August 23, 2007
BEFORE THEIR FIVE SUPER BOWL WINS THE STEELERS WERE THE BUNGLING BOYS OF A PITTSBURGH DREAMER

History

BEFORE THEIR FIVE SUPER BOWL WINS THE STEELERS WERE THE BUNGLING BOYS OF A PITTSBURGH DREAMER


TWO HEAD COACHES AND 40 losses later, the task of ushering a turnaround fell to former Colts defensive coordinator Chuck Noll. His early teams didn't fare much better than Parker's. (He was .286 through his first three seasons.) But unlike his predecessor, Noll was patient. He built the team through the draft, selecting Joe Greene in 1969, Terry Bradshaw in '70 and Jack Ham in '71. (His best haul came in '74: Lynn Swann, Jack Lambert, John Stallworth and Mike Webster—four future Hall of Famers in the greatest draft in NFL history.)

Noll's perseverance was rewarded in '72. That year the Steelers won their first division championship and their first playoff game—a 13-7 victory over the Oakland Raiders that proved to be one for the ages. Trailing 7-6 and facing fourth-and-10 with 22 seconds left, Bradshaw heaved a pass 35 yards downfield for Frenchy Fuqua, who collided with the Raiders' Jack Tatum just as the ball arrived. As it fluttered back toward the line of scrimmage and the Steelers' fate hung in the balance, in swooped Franco Harris, who gathered the ball at his shoelaces and raced 40 yards to pay dirt. While the legality of Harris's Immaculate Reception remains in dispute—some assert that the ball bounced off of Fuqua and not Tatum, which would've voided everything that followed, per 1972 rules—there is no arguing its exalted place in NFL lore. Fuqua, for his part, refuses to demystify the legend. "By God," he said, "it's the only secret I have in the world."

Though the team wound up losing to the eventual world champion Miami Dolphins in the next round, these no longer were Rooney's same old Pirates. Two years later they squarely beat the Raiders in the AFC Championship Game, then defeated the Minnesota Vikings in Super Bowl IX to claim the first of the franchise's five Super Bowl trophies.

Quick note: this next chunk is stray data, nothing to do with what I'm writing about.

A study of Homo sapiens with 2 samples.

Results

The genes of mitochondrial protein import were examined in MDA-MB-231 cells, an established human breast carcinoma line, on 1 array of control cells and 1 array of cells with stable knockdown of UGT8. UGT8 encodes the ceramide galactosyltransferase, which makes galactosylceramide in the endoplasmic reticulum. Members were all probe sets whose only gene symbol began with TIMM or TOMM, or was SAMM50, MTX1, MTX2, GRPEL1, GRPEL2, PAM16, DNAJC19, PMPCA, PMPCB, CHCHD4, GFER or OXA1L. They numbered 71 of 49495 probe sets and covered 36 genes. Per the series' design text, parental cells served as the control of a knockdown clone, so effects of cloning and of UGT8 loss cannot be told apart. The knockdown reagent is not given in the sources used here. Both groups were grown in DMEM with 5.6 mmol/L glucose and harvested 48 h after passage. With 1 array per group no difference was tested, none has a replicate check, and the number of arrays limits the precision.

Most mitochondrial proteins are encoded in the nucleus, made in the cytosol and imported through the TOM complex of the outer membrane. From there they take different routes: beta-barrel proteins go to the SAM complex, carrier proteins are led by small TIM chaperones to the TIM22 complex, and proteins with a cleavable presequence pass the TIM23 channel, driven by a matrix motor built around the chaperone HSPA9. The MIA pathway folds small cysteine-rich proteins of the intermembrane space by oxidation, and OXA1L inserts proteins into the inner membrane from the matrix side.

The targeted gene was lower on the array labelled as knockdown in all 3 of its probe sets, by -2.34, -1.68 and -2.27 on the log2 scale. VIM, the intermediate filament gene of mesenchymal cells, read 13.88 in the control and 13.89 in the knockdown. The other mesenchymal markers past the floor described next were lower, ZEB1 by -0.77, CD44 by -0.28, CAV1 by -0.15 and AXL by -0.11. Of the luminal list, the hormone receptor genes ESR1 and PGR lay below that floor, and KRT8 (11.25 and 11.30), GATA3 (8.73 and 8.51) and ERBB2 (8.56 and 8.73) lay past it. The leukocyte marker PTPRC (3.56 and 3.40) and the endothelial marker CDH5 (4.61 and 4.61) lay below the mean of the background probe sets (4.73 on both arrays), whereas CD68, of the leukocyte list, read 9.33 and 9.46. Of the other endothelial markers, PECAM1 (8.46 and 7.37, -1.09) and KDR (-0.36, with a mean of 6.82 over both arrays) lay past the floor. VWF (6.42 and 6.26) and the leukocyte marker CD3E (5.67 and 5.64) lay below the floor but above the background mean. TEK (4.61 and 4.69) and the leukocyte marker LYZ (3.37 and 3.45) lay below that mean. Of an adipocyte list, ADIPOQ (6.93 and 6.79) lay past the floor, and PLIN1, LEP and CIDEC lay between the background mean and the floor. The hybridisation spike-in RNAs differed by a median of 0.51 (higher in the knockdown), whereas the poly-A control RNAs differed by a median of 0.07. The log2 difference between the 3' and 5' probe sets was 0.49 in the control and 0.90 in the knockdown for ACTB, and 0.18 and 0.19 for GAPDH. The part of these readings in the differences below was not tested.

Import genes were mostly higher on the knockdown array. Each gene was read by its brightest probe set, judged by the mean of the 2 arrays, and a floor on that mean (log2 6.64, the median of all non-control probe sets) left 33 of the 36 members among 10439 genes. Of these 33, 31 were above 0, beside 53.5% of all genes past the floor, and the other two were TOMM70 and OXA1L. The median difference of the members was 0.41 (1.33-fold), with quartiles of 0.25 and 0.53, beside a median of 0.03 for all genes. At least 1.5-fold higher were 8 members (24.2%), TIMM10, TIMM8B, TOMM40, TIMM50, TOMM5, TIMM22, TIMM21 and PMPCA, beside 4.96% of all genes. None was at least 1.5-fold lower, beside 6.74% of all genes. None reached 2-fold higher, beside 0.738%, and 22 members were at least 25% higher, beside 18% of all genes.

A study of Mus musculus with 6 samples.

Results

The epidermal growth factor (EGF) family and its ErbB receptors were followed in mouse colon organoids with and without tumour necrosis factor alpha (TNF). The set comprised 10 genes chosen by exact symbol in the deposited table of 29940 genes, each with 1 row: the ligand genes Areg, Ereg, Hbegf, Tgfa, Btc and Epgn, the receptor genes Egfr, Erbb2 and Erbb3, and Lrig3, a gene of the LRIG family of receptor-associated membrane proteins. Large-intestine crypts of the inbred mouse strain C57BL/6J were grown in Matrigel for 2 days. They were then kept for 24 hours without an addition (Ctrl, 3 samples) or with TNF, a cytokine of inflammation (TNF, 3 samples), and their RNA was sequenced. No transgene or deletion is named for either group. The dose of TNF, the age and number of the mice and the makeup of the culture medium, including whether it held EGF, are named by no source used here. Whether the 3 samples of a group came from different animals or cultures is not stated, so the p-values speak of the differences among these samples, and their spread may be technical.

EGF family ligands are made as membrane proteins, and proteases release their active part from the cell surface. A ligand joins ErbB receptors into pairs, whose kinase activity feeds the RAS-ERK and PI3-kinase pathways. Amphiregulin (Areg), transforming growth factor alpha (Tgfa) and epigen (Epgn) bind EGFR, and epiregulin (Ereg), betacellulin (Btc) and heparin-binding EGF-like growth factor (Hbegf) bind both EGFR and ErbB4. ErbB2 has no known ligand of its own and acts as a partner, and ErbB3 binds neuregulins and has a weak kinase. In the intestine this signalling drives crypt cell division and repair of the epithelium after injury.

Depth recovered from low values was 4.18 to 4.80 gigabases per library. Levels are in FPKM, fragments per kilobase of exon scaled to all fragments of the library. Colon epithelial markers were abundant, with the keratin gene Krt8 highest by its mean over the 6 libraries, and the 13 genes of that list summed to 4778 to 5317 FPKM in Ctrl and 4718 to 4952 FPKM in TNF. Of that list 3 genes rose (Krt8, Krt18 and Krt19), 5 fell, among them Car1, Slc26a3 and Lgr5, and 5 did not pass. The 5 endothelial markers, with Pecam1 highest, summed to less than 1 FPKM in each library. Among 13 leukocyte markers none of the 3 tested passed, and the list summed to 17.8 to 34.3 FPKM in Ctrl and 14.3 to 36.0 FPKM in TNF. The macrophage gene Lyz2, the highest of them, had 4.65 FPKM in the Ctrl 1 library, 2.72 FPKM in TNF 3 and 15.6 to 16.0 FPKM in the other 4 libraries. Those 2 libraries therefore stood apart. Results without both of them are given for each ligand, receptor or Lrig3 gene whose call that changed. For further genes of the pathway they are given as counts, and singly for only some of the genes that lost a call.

RUNNING THE TABLE

TWELVE YEARS AFTER HAVING led the team to its fourth Super Bowl, Noll ceded the helm to Bill Cowher, whose 15-year run was enviable: He led the team to eight division titles, six AFC Championship Games and two Super Bowls, including a victory over the Seahawks in Super Bowl XL. One season later Cowher resigned with a higher winning percentage (.619) than Noll (.572).

On Jan. 22, 2007, little-known Mike Tomlin, 35, became the latest ward of the Steelers' tradition. Like his predecessors, he got the job in his 30s. Whether he'll keep it into his 50s depends on how much further he can push a franchise that already has 531 wins, five Super Bowls and 17 Hall of Famers—including Art Rooney himself, who died in 1988. A bronze statue that sits outside Heinz Field captures Rooney as he's most fondly remembered: with a cigar in his right hand and his face awash with the bemusement of a card shark after a winning hand, as if to say, Who knew such a rich tradition could come so cheap?